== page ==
Three weeks of incessant rain in Kumasi has rendered the only access road to the Oti Landfill Site impassable and heightened fears of a sanitation crisis in the metropolis.
As of last Saturday, there were truck loads of refuse and tricycles known as ‘Borla taxis’ built up on parts of the road, stretching out to about 200 metres, waiting for the water to recede for them to discharge their waste.
There has also been the accumulation of waste at various transfer sites in the city.
Last Saturday night, the Daily Graphic saw some youth of Asafo, a suburb of Kumasi, preventing some trucks from offloading at the overstretched Zion School transfer site near the Kumasi Office of the Graphic Communications Group Limited.
City authorities, who had been at their wits’ end, said theywere putting up strategies to contain the situation.
Management of landfill
Located at Oti, a community popularly known as Kuwait, the landfill, which is the only final disposal site for the country’s second biggest city, sits on a 100-acre land.
It is owned by the KMA and managed by J. Stanley-Owusu Limited, a private waste management company.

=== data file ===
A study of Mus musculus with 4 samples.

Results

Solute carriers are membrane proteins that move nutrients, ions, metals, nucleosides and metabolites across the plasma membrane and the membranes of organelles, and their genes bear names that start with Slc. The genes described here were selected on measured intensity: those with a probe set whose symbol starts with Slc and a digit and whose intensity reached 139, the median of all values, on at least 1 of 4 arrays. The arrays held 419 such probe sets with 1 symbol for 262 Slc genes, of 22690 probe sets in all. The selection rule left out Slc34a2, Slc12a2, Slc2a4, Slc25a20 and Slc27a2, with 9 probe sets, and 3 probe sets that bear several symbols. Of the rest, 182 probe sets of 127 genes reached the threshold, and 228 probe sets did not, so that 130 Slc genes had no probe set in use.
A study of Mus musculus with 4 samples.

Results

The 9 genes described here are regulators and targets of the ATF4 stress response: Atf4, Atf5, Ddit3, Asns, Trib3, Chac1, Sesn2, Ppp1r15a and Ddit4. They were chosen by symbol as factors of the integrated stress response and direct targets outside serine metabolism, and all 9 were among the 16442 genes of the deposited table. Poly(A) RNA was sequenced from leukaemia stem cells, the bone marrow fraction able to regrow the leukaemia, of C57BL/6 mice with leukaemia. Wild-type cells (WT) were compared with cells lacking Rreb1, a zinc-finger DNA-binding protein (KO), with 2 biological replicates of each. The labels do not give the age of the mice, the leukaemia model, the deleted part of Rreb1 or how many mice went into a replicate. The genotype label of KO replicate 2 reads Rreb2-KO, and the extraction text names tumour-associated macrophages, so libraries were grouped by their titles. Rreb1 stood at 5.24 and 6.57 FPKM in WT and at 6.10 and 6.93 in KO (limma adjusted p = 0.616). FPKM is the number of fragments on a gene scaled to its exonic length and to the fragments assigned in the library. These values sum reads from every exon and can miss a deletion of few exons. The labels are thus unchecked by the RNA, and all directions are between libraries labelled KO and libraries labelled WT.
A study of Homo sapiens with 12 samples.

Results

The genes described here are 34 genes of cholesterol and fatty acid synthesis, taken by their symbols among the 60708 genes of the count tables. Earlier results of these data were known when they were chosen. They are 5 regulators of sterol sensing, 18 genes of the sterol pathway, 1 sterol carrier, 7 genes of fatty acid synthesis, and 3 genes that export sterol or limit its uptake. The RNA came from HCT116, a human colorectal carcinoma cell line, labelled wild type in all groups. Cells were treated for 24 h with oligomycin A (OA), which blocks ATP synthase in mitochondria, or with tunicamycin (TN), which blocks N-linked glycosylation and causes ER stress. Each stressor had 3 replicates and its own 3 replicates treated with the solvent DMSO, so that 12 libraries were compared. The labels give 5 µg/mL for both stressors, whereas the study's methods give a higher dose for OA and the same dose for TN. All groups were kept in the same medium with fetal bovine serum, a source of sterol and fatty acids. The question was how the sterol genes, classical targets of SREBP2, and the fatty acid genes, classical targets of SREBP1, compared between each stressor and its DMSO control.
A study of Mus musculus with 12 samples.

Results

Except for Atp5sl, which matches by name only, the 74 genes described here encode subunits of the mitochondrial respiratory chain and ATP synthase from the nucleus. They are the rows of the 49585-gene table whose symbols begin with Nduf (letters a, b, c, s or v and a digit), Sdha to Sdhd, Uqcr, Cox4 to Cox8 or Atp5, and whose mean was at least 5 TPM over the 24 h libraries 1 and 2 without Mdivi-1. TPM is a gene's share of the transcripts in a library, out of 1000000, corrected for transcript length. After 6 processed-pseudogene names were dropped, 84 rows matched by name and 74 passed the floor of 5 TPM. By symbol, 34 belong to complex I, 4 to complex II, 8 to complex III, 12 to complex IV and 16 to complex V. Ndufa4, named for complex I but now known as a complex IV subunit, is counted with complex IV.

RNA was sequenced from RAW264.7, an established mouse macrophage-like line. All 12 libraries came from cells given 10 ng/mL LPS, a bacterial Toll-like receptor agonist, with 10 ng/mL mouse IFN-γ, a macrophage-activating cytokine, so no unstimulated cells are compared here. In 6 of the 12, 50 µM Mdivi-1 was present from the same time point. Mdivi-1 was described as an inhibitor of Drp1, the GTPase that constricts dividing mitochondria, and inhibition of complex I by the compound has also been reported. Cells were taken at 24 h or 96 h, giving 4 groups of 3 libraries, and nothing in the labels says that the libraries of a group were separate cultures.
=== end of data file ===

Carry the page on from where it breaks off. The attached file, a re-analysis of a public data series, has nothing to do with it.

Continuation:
But the company has virtually grounded its activities at the landfill, maintaining just a skeletal staff for about six months now, because, according to the Managing Director, Mr William Stanley-Owusu, the KMA owed it four years of contract payments.
He, however, stated that the Minister of Sanitation and Water Resources, Madam Cecilia Dapaah, had given a firm assurance to see to it that the company was paid the arrears to enable it to return to the site.
On October 9, this year, the KMA issued a statement informing residents of the “alarming damage” caused to the access road, which had an adverse effect on the collection of waste in the metropolis.
In the face of what the statement described as the “mountainous challenge”, the assembly said it was working hard to fix the road.
The access road is 2.8 kilometres.
When the Daily Graphic contacted to the Kumasi Metropolitan Chief Executive (MCE), Mr Osei Assibey Antwi, he described the development as a serious challenge.
He said the assembly initially engaged Contracta, the construction firm working on the Kejetia Market project, to examine the possibility of rehabilitating the road but after an assesment, it indicated that it was going to be capital intensive.
The MCE said he had submitted the report to the Regional Minister, who had invited the Regional Director of the Department of Feeder Roads to go to the aid of the assembly in fixing the challenge.